On October 24th, 2021, Uzbek voters went to the polls to elect their new President. According to the results published by the Uzbekistan Central Election Commission (UCEC), 80.8% of eligible voters showed up to cast their ballot, and 81.1% of them voted for the incumbent president Shavkat Mirziyoyev, who consequently secured another term in office.

On October 25th, in the wake of election day, the OSCE (Organization for Security and Cooperation in Europe) released a “Statement of Preliminary Findings & Conclusions”, consisting of its electoral mission’s preliminary assessment of the unfolding of the electoral process.

The electoral process has been widely covered and broadcasted both in Uzbekistan and around the world.

The document acknowledged a degree of improvement in certain areas, such as the implementation of previous OSCE recommendations on the electoral legal framework, a partial opening of the media environment, especially online, as well as the efficient performance of the UCEC. At the same time, however, it concluded that the elections suffered from a number of significant shortcomings. For instance, it condemned Uzbekistan’s political system for not being genuinely pluralistic, for excessively restricting the citizens’ freedom of expression, and for failing to properly address a number of legal and procedural issues related to the electoral process.

In a strongly worded response to the OSCE document, Dr. Mehmood Ul Hassan Khan, head of Geopolitics/Economics at the Defence Journal and regional expert on Central Asia and the South Caucasus, energetically rejected the document’s findings.

Dr. Khan defended the level of pluralism in the Uzbek political system, arguing that every political party has received equal treatment in terms of media projection, financing, campaigning, association, and arranging meetings – the only limitations being the ones related to the COVID-19 pandemic. He stressed the absence of political violence and protests during the electoral cycle, and the Uzbek politicians’ dedication in staying away from “dirty tactics” in the lead up to the elections.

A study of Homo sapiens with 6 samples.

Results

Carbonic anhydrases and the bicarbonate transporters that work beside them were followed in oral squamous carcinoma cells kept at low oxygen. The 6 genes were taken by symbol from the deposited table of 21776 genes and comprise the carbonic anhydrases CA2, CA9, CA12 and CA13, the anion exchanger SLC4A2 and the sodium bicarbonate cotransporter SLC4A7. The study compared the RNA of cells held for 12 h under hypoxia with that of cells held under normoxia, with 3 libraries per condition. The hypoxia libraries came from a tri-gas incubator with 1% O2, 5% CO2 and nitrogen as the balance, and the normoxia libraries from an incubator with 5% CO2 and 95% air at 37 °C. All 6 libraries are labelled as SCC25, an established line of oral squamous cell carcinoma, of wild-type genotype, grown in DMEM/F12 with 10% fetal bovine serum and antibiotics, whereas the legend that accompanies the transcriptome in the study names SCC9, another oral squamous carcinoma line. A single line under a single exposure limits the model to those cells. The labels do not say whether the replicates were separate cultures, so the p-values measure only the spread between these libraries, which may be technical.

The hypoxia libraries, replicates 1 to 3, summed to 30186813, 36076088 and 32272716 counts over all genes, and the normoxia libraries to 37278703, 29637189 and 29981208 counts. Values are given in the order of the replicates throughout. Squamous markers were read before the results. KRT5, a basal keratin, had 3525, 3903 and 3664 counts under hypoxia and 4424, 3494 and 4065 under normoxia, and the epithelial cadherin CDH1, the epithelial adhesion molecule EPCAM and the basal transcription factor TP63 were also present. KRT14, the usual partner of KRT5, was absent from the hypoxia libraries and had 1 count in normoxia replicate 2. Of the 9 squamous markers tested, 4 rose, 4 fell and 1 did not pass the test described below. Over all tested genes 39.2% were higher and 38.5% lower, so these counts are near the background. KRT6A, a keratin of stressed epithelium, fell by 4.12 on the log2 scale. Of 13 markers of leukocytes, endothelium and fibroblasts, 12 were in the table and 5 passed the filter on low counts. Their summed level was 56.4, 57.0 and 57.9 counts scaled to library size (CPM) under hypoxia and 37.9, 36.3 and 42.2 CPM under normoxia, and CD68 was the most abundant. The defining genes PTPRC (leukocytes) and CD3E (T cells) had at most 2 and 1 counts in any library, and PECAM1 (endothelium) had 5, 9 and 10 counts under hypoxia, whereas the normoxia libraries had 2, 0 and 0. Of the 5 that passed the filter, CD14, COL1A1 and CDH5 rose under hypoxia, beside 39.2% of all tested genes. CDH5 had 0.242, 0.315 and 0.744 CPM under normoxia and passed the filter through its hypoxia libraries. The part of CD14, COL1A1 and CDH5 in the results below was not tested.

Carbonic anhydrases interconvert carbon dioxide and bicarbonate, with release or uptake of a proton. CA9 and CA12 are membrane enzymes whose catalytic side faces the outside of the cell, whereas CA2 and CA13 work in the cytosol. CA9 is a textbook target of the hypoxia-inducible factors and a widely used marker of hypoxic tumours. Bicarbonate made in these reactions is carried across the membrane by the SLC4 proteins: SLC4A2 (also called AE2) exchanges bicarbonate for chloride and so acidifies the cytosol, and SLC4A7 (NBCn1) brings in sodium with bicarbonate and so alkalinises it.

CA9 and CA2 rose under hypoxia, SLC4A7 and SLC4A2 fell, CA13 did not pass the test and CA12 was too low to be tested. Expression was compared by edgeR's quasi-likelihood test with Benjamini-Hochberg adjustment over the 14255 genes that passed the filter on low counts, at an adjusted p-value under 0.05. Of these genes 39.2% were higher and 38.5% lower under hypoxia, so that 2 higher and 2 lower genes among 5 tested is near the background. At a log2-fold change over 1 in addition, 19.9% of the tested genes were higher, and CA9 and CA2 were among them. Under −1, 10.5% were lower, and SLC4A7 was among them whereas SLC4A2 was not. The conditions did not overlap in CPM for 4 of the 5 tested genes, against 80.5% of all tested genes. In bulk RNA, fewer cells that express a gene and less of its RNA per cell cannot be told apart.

While the OSCE mission accused the incumbent president of blurring the lines between state duties and political campaigning, Dr. Khan rejected such accusations, arguing that the president has not announced any benefits to his voters ahead of the elections. Moreover, responding to the OSCE mission’s claims about limited freedom of expression, Dr. Khan argued that the electoral process has been widely covered and broadcasted both in Uzbekistan and around the world.

In addition, regarding the OSCE mission’s accusations regarding procedural irregularities, Dr. Khan cited his own experience as international election observer, saying that he has personally not found any such irregularity, but only mistakes committed by common voters due to human error. Finally, Dr. Khan strongly accused the OSCE of adopting double standards, citing cases concerning the Catalan independence referendum of 2017 and the Scottish referendum of 2021.